In an experiment, MIT researchers used their AR system to place obstacles — like human pedestrians — in the path of robots, which had to navigate through a virtual city. The robots had to detect the obstacles and then compute the optimal route to avoid running into them. As the robots did that, a projection system displayed their “thoughts” on the ground, so researchers could visualize them in real time.
While we have always heard of a future in which robots would be handling most of the labor, it’s hard to think that most people pictured it in the way that things seem to be heading. Sure, automated work forces will be handling many of the world’s tasks in a relatively short amount of time, ushering in a new era of prosperity and leisure for the masses. The problem is that that prosperity hasn’t been shared, and many of the world’s poor and middle classes will end up scrambling to make ends meet as a result.
RoboLaw: Why and how to regulate robotics
Even a robot that can perform complex tasks without human supervision and take decisions towards that end may still not be deemed an agent in a philosophical sense, let alone a legal one. The robot is still an object, a product, a device, not bearing rights but meant to be used. What would justify a shift on a purely ontological basis (thus forcing us to consider the robot as a being provided with rights and duties) is what Gutman, Rathgeber and Syed call ‘strong autonomy’ – namely the ability to decide for one’s self and set one’s own goals. However, at present this belongs to the realm of science fiction, and it can be argued that this is not the direction we desire to take with robots in any case.
Elon Musk wades in — again: Talking at MIT’s Aeronautics and Astronautics Department’s Centennial Symposium last week, Musk said, “With artificial intelligence, we are summoning the demon. You know all those stories where there’s the guy with the pentagram and the holy water and he’s like… yeah, he’s sure he can control the demon—it doesn’t work out.” Mike Loukides counters that:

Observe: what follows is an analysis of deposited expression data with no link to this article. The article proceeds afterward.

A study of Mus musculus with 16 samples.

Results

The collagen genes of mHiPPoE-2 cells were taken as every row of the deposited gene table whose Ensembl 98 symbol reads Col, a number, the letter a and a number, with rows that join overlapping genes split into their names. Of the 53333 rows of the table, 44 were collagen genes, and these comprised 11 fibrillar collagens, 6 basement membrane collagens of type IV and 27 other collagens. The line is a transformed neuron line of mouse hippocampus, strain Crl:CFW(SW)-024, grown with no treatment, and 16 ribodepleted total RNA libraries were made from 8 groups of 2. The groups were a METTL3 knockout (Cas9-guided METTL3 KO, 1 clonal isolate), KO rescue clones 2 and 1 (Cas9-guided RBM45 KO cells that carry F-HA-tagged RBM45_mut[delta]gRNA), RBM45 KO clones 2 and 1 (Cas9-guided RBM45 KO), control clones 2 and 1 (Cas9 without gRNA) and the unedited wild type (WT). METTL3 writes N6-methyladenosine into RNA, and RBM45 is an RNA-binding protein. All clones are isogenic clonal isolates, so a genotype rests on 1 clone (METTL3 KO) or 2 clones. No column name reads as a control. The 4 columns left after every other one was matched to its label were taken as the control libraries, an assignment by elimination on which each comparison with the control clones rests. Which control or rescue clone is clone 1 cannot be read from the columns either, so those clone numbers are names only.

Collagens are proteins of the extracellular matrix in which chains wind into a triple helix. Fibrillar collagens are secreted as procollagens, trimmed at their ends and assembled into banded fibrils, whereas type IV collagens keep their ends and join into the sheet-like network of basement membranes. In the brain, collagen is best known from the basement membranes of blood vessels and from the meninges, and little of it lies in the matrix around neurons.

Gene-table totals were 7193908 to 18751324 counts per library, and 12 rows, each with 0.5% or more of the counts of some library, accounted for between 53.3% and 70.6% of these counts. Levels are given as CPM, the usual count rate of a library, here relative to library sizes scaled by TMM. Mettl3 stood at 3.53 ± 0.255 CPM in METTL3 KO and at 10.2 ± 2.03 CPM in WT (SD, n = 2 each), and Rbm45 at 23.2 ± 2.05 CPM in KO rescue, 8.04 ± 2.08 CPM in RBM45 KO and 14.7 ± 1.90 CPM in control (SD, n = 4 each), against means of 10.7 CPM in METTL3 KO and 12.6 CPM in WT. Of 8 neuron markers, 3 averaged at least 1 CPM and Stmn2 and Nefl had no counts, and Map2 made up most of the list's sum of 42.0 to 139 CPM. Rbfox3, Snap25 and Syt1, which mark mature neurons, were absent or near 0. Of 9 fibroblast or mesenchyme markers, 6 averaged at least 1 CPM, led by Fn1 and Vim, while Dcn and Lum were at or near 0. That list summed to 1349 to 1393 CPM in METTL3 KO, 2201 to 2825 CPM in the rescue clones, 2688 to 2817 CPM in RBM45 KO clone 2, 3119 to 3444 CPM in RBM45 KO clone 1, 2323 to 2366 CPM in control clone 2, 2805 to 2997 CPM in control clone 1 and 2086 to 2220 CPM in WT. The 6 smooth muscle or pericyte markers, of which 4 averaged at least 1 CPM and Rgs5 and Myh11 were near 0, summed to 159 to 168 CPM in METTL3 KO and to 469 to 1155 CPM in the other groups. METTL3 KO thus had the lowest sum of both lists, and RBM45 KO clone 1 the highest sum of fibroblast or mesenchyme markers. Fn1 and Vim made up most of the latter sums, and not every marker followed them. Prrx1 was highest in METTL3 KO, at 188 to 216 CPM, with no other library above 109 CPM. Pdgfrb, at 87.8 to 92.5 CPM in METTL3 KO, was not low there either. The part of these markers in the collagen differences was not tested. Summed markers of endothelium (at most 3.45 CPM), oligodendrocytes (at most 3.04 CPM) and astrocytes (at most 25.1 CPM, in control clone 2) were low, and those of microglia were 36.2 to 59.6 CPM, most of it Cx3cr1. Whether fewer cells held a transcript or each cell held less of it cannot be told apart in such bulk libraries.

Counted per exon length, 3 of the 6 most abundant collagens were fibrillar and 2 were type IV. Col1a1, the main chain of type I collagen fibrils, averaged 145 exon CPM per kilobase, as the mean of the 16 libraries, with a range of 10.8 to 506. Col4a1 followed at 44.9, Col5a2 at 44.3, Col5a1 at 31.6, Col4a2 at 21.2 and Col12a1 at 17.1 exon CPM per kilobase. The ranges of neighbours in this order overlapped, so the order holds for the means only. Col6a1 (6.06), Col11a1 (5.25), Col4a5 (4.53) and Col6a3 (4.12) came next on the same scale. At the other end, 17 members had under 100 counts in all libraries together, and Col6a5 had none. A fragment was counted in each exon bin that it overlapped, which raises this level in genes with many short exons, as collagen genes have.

David Ferrucci and the other IBMers who built Watson understand that Watson’s potential in medical diagnosis isn’t to have the last word, or to replace a human doctor. It’s to be part of the conversation, offering diagnostic possibilities that the doctor hasn’t considered, and the reasons one might accept (or reject) those diagnoses. That’s a healthy and potentially important step forward in medical treatment, but do the doctors using an automated service to help make diagnoses understand that? Does our profit-crazed health system understand that? When will your health insurance policy say “you can only consult a doctor after the AI has failed”? Or “Doctors are a thing of the past, and if the AI is wrong 10% of the time, that’s acceptable; after all, your doctor wasn’t right all the time, anyway”? The problem isn’t the tool; it’s the application of the tool.
The prospect of a jobless economy certainly seems daunting. But if we can successfully manage it and put our machines to work, we could enter into an unprecedented era of material abundance while dramatically extending our leisure time. Rather than be tied to menial and demeaning work, we’d be free to engage in activities that truly interest us.